June 26, 2022

Opinion

Jim Nowlan: What does Ken Griffin want from politics?

What does Chicago billionaire Ken Griffin want from politics? To take over the Republican Party in Illinois? To be governor? A reporter called with these questions. As a retired politico and professor of politics, I get these inquiries from time to time.

I don’t know Griffin personally. In 2020, I chaired a campaign committee that received $4.5 million from Griffin. With this indispensable help, we knocked off the Illinois Supreme Court (first time in our state’s history) a judge whom we felt sullied his robes with decisions that blatantly protected Mike Madigan, indicted ex-speaker of the Illinois House. The contribution allowed us to compete on a par with the money that Madigan, unions and trial lawyers spent to support the judge.

Here is what I have learned about Griffin and his political objectives. First, he doesn’t care for politics or politicians. Griffin is not a people person, at least not a hail fellow, well met political sort. He has no interest in mucking it up personally in politics. He would be a terrible political candidate, and he knows it. After all, Griffin doesn’t suffer fools lightly, which is exactly what you have to do, every day, to be successful in politics.

Griffin has a very small staff at his office that works with outside political operatives who represent campaigns. In other words, “our guys talk to his guys” to achieve mutual objectives.

So, what are his objectives? With a net worth of $27 billion and change (which he earned all by himself, starting as a trader from his college dorm room), Griffin has more money than Croesus ever dreamed of. So, he can spend scores of millions in campaigns in Illinois and beyond, and consider it a rounding error to his wealth. What could politics do for him personally, anyway?

From all I can tell, Griffin finds his adopted state of Illinois poorly led, and this offends his buttoned-down business sense of what can and should be. Isn’t it enough that he just wants safe streets, good schools, and an attractive business climate?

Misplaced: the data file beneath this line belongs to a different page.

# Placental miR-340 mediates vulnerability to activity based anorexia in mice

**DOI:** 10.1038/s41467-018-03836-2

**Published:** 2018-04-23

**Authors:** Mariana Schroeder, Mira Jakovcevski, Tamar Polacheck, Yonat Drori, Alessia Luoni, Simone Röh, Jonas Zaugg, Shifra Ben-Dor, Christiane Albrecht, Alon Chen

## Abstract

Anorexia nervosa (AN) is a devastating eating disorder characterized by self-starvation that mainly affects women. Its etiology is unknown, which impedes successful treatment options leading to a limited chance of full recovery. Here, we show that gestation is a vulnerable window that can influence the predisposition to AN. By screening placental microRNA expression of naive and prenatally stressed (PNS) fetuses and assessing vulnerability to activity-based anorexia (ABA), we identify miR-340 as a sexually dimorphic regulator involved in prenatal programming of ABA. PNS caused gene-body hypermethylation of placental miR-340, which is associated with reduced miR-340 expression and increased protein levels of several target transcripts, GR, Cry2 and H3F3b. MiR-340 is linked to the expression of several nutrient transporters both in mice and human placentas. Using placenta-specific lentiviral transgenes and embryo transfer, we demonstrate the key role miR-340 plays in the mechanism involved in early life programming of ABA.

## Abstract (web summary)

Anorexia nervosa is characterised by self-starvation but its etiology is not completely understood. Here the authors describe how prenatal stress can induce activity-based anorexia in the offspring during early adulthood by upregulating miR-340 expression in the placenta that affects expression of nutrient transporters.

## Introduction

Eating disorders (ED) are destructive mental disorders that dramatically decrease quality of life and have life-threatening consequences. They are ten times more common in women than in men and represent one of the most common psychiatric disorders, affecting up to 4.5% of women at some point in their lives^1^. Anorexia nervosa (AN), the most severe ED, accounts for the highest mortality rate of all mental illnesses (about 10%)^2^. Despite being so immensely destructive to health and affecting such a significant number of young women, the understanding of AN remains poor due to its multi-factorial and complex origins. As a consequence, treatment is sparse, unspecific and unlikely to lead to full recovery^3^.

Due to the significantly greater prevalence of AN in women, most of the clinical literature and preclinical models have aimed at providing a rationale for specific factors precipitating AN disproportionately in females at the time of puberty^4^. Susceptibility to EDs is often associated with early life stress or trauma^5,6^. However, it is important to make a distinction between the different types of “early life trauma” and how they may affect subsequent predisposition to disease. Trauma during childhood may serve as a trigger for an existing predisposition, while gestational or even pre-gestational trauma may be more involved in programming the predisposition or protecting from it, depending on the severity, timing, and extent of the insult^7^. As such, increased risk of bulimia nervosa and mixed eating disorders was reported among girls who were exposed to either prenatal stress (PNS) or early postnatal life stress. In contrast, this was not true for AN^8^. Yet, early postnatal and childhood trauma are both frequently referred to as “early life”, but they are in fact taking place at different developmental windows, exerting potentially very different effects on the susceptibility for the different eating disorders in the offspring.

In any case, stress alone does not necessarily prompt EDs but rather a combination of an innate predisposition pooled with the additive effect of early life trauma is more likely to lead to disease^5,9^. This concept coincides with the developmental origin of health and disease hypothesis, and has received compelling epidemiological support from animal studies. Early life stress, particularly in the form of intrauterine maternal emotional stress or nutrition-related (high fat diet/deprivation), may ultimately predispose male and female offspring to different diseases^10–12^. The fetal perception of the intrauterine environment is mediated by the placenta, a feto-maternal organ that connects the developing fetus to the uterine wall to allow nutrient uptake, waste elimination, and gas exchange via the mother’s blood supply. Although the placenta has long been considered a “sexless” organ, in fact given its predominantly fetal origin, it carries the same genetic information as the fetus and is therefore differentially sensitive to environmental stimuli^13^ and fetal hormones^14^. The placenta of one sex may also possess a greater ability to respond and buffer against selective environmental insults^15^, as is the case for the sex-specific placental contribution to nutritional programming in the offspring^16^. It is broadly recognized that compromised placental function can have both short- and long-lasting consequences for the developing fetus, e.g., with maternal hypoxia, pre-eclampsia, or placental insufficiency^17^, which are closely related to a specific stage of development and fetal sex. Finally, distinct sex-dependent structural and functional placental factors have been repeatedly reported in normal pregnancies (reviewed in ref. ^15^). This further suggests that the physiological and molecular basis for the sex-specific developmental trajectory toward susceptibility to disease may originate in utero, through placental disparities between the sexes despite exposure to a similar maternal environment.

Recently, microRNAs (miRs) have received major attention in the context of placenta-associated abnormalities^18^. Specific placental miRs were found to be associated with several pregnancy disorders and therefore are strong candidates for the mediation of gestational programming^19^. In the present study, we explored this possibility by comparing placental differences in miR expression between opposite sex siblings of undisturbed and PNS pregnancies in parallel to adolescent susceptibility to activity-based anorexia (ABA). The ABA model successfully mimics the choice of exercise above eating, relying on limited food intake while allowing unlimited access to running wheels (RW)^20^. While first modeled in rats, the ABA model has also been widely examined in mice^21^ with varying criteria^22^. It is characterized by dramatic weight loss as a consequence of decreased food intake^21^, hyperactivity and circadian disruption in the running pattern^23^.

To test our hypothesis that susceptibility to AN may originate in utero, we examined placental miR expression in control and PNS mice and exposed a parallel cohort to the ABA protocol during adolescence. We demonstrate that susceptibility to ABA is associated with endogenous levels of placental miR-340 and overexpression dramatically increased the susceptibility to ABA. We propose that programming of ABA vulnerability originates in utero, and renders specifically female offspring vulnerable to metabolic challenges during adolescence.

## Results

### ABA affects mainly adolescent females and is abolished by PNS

Illinois should be a powerhouse. In each of the six Rs critical to economic development – roads, rails, runways, rivers, routers, research – Illinois is arguably among the top three states. And it’s smack dab in the middle of the world’s largest economy. Yet, Illinois has for decades been slipping relative to the nation in per capita income. In 1950, our state’s per capita income was 122% of the national average; today it is 105%. My well-to-do Prairie State friends are leaving for Florida, generally replaced by working class sorts plus some bright young professionals coming to Chicago.

Unfortunately, because of widely televised violence and mayhem on Chicago’s main thoroughfares, many of my fellow Downstaters are now afraid to go to the city – which they used to love, for the Cubs and Bears games, and for its breathtaking museums.

Why is Griffin’s money needed to achieve his objectives?

When I was a young elected legislator and statewide candidate in Illinois in the 1960s and 1970s, a Republican Party existed. The party helped guide its chosen, generally moderate candidates through the primary elections and to frequent success in November. Today, the party has no money, almost no precinct workers, and avoids trying to play a role in endorsing good candidates. So, it is irrelevant in politics.

Big money has, unfortunately, replaced party workers in American politics. I don’t like it, but I haven’t figured out an alternative. It’s our billionaires against theirs.

But can money buy good outcomes? Griffin backed Republican Bruce Rauner for governor (2015-2018; now of Florida). Rauner turned out to be one of the worst chief executives in Illinois history; for example, he deprived Illinois of a state budget for more than two years. This may sound appealing, yet its harmful effects are still being felt.

In 2020, Griffin spent $54 million in a successful effort to defeat a state tax increase referendum, which Gov. JB Pritzker touted. The governor now says that revenue apparently isn’t needed, as he is offering voters tiny tax cuts during his campaign for reelection.

This year Griffin’s guys have put his money ($45 million thus far) on Richard Irvin, the mayor of suburban Aurora. They think he has the best chance of beating Pritzker in the fall. But Irvin, a novice to state politics, has stumbled over heavily scripted talking (or non-talking) points in his few public appearances. The mayor may not be ready for prime time, as they say.

So, Mabel, money can’t buy happiness, and maybe not good government, either. Yet that doesn’t change Griffin’s objectives: safe streets, good schools, an attractive business climate. Is that too much to ask?

• Jim Nowlan has worked for three unindicted Illinois governors. A former state representative, Nowlan was the Republican nominee for lieutenant governor in 1972, running with Gov. Richard B. Ogilvie. He lives in Princeton, Illinois.